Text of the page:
The US Remains the Exception on Land Mines
Biden has restored the near-global ban on these militarily ineffective weapons, but enshrined their continued use in South Korea.
A near-global ban on the use of anti-personnel land mines is once again U.S. policy, thanks to President Biden’s June 21 reversal of the Trump administration’s stance. This overdue fulfillment of a campaign promise brings the United States into alignment with key provisions of the Mine Ban Treaty: a pact signed by 164 nations, including every other NATO member, that bans developing, producing, using, acquiring, transferring, or exporting such mines.
But the Biden policy also enshrines the use of anti-personnel land mines, or APLs, on the Korean peninsula. Militarily unnecessary and morally wrong, this “Korean Exception” leaves the United States out of step with the global consensus—and until it’s removed, the United States will stand apart in its failure to fully ban them.
Anti-personnel land mines have long been noted for their horrific and indiscriminate nature. Difficult and costly to clear, they inflict suffering on innocent civilians long after conflicts end. Unexploded bombs and land mines left behind largely from the Vietnam War have caused more than 105,000 casualties in Vietnam, nearly 65,000 in Cambodia, and over 50,000 in Laos. As recently as 2020, the three nations suffered 99 casualties collectively, of which 23 were children, according to the Landmine Monitor.
So where does the exception for the Korean peninsula come from? President Clinton floated the notion during the negotiations leading up to the Mine Ban Treaty, also known as the Ottawa Convention. When the global community rejected it, Clinton chose not to sign the Treaty, instead issuing a U.S. policy banning APLs everywhere but the Korean peninsula, referring to it “as a unique case.”
Now, 25 years later, the Biden administration echoes President Clinton and repeats word-for-word the Obama administration’s claim that “the unique circumstances on the Korean Peninsula…preclude the United States from changing APL policy on the Korean Peninsula.”
Dangerous and unnecessary
While one might assume that the “Korean Exception” is based on the need for mines in the demilitarized zone, or DMZ, between North Korea and South Korea, there is little evidence to support this. In fact, while the DMZ and adjacent Civilian Control Zone is one of the most mine-contaminated areas in the world, South Korea has not emplaced new mines for over twenty years and has cleared over 50,000 mines during the same period. Additionally the minefields along the DMZ are the responsibility of South Korea, not the United States.
Further, the United States’ longstanding commitment to “deter aggression and if necessary, defend the Republic of Korea” does not benefit from the use of APLs. In 1995, former Marine Corps Commandant Gen. Alfred Gray, Jr., said, “I know of no situation…where our use of mine warfare truly channelized the enemy and brought them into a destructive pattern.” The following year, 15 retired U.S. military commanders, including a former chairman of the Joint Chiefs of Staff, former supreme allied commander of Europe, and former commandant of West Point, came out against APLs, stating that “antipersonnel landmines are not essential” and “banning them would not undermine the military effectiveness or safety of our forces.” The Defense Department itself offered GAO no evidence that APLs “as employed actually caused or contributed to enemy losses” in the Persian Gulf War.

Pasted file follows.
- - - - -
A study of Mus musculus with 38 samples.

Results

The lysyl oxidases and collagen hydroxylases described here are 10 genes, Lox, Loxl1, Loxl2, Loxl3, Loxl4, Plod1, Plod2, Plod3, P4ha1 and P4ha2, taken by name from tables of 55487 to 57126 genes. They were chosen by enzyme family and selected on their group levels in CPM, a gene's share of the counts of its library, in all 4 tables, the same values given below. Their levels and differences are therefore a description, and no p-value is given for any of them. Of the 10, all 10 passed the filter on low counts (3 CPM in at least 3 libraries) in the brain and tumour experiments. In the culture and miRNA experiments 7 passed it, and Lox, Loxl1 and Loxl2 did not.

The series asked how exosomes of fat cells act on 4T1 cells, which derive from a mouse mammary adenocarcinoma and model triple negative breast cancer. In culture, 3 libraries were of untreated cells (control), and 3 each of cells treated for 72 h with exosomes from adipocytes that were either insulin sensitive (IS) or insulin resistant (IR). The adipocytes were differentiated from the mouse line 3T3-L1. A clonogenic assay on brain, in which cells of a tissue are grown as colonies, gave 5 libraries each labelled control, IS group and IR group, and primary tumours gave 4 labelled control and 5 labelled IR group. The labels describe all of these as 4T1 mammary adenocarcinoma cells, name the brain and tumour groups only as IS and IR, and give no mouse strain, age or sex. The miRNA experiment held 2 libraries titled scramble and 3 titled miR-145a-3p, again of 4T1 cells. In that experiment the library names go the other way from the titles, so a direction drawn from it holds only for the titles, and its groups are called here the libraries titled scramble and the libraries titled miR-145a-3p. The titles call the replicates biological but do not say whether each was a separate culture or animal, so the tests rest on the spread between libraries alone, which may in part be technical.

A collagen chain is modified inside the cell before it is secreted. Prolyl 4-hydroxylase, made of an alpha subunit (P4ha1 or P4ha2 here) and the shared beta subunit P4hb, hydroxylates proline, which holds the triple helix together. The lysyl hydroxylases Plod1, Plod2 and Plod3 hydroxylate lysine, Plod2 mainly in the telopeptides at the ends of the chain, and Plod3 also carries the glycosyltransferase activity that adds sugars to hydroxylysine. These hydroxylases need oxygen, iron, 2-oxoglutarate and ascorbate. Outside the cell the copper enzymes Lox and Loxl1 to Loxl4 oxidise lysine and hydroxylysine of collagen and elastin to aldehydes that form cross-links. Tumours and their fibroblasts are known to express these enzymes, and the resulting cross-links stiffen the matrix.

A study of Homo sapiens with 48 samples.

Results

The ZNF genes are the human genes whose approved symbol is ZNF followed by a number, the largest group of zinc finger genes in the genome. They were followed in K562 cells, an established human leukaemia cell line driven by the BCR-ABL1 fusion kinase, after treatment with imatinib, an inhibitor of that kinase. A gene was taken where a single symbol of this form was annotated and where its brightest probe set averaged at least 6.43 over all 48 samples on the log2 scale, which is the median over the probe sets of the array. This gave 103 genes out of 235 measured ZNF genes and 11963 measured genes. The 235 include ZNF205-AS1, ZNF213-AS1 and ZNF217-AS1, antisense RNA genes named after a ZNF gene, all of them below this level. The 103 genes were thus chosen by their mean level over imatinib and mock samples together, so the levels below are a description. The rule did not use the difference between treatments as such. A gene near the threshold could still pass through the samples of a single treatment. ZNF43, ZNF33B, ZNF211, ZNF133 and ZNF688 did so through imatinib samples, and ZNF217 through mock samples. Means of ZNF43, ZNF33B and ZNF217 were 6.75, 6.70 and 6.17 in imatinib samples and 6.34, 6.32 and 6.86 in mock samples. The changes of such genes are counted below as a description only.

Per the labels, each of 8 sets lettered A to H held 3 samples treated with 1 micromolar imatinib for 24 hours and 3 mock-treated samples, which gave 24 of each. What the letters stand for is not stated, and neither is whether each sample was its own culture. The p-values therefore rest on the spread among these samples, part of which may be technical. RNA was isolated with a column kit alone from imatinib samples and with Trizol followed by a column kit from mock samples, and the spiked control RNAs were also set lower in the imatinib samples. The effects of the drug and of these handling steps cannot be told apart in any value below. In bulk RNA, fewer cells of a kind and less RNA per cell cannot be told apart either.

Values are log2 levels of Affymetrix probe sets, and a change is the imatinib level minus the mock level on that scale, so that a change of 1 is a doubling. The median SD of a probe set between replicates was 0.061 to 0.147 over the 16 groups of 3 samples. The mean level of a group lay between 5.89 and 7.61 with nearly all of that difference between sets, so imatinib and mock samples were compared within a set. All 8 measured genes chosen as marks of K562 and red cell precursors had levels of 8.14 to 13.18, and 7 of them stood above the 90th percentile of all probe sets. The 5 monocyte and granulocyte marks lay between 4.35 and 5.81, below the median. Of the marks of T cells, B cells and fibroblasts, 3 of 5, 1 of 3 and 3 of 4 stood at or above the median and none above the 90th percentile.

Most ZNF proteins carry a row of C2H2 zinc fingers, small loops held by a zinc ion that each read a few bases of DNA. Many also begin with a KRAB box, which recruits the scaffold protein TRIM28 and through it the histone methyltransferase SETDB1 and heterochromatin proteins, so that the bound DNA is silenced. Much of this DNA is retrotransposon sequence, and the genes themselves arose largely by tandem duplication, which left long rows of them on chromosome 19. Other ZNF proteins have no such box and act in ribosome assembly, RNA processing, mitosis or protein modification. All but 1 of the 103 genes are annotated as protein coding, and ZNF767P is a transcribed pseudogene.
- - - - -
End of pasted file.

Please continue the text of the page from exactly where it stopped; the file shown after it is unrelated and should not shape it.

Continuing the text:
Beyond the military ineffectiveness of these weapons, the APLs already emplaced cause continued suffering among Korean civilians. There have been estimates of around a thousand casualties in South Korea over recent decades alone. Typhoons, landslides, and floods make landmines an ever-present threat for farmers and villages along the DMZ and CCZ. Emplacing new mines will only exacerbate the suffering and terror APLs inflict on Korean civilians.
New ways forward
Perhaps most importantly for the Korean peninsula’s future, the minefields along the DMZ and CCZ have served as an opportunity for de-escalation and confidence-building between the two nations. In fact, in 2018 North and South Korea agreed to jointly clear land mines around the Joint Security Area at Panmunjom and Arrowhead Hill (also known as Hill 281) in the DMZ.
During the operations at the JSA, North and South Korean demining teams cleared tens of thousands of square miles of land cleared, bringing the teams close enough to exchange greetings and hold conversations. While the joint operations ended in 2019, demining offers a concrete and compelling opportunity to strengthen the prospect of peaceful relations between the Koreas.
This new policy is an important step and corrects for the Trump administration’s egregious 2020 policy. But lawmakers and the administration must not be content with it. If the president is serious about the United States “ultimately acceding to the Ottawa Convention,” then he should move quickly to end the Korean Exception. In doing so, he can seize the opportunity to both build peace on the Peninsula and put the U.S. fully inline with the global consensus against these weapons.
A year ago, over a dozen members of Congress in a bicameral, bipartisan letter urged President Biden to put the “United States on a definitive path to accede to the treaty” by 2024. For the sake of the United States’ moral standing and the safety of civilians around the world, the president should heed this call.
Ursala Knudsen-Latta is the lead lobbyist for peacebuilding at the Friends Committee on National Legislation and a key leader in coalition efforts to ban landmines.